Dean Eckles on people, technology & inference

Social and cultural costs of media multitasking

Today I’m attending the Media Multitasking workshop at Stanford. I’m going to just blog as I go, so these posts are going to perhaps be a bit rougher than usual.1

The workshop began with a short keynote from Patricia Greenfield, a psychology professor at UCLA, about the costs and benefits of media multitasking. Greenfield’s presentation struck me as representing as an essentially conservative and even alarmist perspective on media multitasking.

Exemplifying this perspective was Greenfield’s claim that media multitasking (by children) is disrupting family rituals and privileging peer interaction over interaction with family. Greenfield mixed in some examples of how having a personal mobile phone allows teens to interact with peers without their parents being in the loop (e.g., aware of who their children’s interaction partners are). These examples don’t strike me as particularly central to understanding media multitasking; instead, they highlight the pervasive alarmism about new media and remind me of how “helicopter parents'” extreme control of their children’s physical co-presence with others is also a change from “how things used to be”.

Face-to-face vs. mediated

The relationship of these worries about mobile phones and the allegedly decreasing control that parents have over their children’s social interaction to media multitasking is that mediated communication is being privileged over face-to-face interaction. Greenfield proposed that face-to-face interaction suffers from media use and media multi-tasking, and that this is worrisome because we have evolved for face-to-face interaction. She commented that face-to-face interaction enables empathy; there is an implicit contrast here with mediated interaction, but I’m not sure it is so obvious that mediated communication doesn’t enable empathy — including empathizing with targets that one would otherwise not encounter face-to-face and experiencing a persistent shared perspective with close, but distant, others (e.g., parents and college student children).

Family reunion

Greenfield cited a study of 30 homes in which children and a non-working parent only greeted the other parent returning home from work about one third of the time (Ochs et al., 2006), arguing — as I understood it — that this is symptomatic of a deprioritization of face-to-face interaction.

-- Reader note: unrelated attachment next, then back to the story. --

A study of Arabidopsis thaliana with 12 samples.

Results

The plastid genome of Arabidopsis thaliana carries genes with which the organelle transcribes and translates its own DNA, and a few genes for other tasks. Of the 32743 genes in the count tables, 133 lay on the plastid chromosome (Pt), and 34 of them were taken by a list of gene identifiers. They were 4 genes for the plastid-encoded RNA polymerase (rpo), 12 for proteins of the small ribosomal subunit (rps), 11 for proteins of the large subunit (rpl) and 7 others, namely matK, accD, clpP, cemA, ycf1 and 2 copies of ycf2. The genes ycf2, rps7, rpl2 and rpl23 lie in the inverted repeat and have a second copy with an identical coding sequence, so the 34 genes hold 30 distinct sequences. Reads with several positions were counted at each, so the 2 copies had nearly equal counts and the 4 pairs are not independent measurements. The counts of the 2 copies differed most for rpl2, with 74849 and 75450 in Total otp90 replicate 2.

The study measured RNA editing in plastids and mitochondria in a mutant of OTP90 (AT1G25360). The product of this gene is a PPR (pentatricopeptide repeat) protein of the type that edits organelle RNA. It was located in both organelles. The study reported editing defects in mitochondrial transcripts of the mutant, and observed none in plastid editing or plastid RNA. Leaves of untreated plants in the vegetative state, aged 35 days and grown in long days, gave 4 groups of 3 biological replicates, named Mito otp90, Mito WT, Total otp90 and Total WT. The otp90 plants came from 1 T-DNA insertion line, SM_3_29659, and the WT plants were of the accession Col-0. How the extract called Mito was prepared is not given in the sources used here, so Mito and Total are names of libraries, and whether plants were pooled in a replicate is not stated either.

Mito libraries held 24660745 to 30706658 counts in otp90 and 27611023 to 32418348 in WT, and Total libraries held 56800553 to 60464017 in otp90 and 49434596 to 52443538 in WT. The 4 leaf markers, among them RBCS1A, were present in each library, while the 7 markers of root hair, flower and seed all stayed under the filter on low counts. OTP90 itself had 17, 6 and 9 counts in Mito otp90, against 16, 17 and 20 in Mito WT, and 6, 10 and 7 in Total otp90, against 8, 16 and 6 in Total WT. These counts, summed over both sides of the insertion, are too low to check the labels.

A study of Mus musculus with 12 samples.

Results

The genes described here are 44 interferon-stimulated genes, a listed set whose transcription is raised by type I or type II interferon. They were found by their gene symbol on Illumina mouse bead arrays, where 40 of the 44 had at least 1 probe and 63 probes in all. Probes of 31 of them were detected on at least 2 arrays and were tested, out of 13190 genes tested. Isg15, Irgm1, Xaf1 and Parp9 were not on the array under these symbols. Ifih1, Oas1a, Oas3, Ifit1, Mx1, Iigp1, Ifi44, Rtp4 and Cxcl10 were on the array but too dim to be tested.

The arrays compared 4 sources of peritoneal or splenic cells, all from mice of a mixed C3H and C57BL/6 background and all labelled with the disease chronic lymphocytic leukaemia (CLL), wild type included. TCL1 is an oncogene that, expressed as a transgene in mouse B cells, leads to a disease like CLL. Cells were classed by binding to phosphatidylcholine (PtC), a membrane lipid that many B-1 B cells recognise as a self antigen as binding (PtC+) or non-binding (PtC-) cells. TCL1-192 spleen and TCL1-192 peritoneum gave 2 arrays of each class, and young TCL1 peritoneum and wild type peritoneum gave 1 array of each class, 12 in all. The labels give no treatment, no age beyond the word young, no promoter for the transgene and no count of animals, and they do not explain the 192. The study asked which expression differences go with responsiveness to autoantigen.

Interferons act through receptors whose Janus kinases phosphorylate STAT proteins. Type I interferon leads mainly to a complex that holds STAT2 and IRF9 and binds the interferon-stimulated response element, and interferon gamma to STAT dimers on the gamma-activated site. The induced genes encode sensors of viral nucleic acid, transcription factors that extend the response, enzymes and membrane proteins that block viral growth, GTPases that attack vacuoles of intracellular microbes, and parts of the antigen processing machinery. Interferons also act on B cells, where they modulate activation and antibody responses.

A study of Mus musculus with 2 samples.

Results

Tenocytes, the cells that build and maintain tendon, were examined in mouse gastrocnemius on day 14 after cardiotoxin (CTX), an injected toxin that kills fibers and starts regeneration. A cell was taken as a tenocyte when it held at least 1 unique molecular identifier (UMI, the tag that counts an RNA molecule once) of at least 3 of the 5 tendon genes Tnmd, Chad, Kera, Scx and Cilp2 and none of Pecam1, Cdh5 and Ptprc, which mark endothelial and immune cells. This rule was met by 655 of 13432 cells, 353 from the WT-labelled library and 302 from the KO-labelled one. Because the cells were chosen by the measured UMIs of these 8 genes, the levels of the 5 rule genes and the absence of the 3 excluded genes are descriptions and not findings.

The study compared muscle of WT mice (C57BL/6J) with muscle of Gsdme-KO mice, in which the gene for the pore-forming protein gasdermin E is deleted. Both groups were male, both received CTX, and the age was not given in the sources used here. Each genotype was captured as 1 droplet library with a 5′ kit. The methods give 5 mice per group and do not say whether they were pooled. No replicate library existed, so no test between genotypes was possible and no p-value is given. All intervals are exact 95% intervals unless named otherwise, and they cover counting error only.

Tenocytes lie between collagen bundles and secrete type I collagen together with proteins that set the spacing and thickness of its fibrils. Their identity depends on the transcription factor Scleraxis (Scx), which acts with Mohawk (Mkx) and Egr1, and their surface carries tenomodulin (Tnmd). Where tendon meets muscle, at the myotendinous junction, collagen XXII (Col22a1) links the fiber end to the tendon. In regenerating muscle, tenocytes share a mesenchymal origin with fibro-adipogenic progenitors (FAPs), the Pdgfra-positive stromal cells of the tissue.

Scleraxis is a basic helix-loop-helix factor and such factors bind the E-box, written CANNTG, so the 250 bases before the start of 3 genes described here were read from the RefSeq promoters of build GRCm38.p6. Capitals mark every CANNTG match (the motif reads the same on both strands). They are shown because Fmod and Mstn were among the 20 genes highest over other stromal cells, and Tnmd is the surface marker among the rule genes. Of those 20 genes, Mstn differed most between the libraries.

As another participant pointed out, this could also — if not in these particular cases, then likely in others — be a case of not feeling apart during the working day: that is, we can ask, are the children and non-working parents communicating with the parent during the workday? In fact, Ochs et al. (2006, pp. 403-4) presents an example of such a reunion (between husband and wife in this case) in which the participants have been in contact by mobile phone, and the conversation picks up where it left off (with the addition of some new information available by being present in the home).


I’m looking forward to the rest of the workshop. I think one clear theme of the workshop is going to be differing emphasis on costs and benefits of media multitasking of different types. I expect Greenfield’s “doom and gloom” will continue to be contrasted with other perspectives — some of which already came up.


Ochs, E., Graesch, A. P., Mittmann, A., Bradbury, T., & Repetti, R. (2006). Video ethnography and ethnoarchaeological tracking. The Work and Family Handbook: Multi-Disciplinary Perspective, Methods, and Approaches, 387–409.

  1. Which also means I’m multitasking, in some senses, through the whole conference. []

2 thoughts on “Social and cultural costs of media multitasking

  1. The memo for the workshop by Richard Beckwith (Intel) similarly identifies a “moral panic” about media multitasking. Beckwith argues that rather than simply responding to (or fanning the flames of) this panic, we should study how people are able to accomplish this multitasking and how we can design tools and interventions to teach valuable multitasking skills.

  2. Transition or change is always difficult. Younger generations pick up and master new technologies more swiftly than their seniors. My parents complained about answering machines, refusing to use them to leave messages. (They have long since jumped on board.) Other people’s parents complained about TV robbing families of interactive time.

    This is similar. It has been my experience (as parent and teacher) that parents and grandparents who embrace the use of cell phones find they have more interactions with their children and grandchildren, rather than less. The same holds true for email and social networking and whatever comes next.

    Certainly parents need to establish rules and monitor their children’s social interactions, but it all comes down to that delicate balance between too much control and not enough control on the part of the parent. We have all seen kids get into trouble by having too much freedom too soon, but we’ve also seen kids rebel (straight into trouble) when they had too little freedom.

    It all comes down to that basic parent-child relationship, with trust and caring established early and maintained through lots of caring interactions… and then being able to trust and let go at the right time. We can’t blame everything on “the media” or “technology”… we parents have to take responsibility for the relationships we create with our children. Blaming technology is merely abdicating that responsibility by playing the victim role.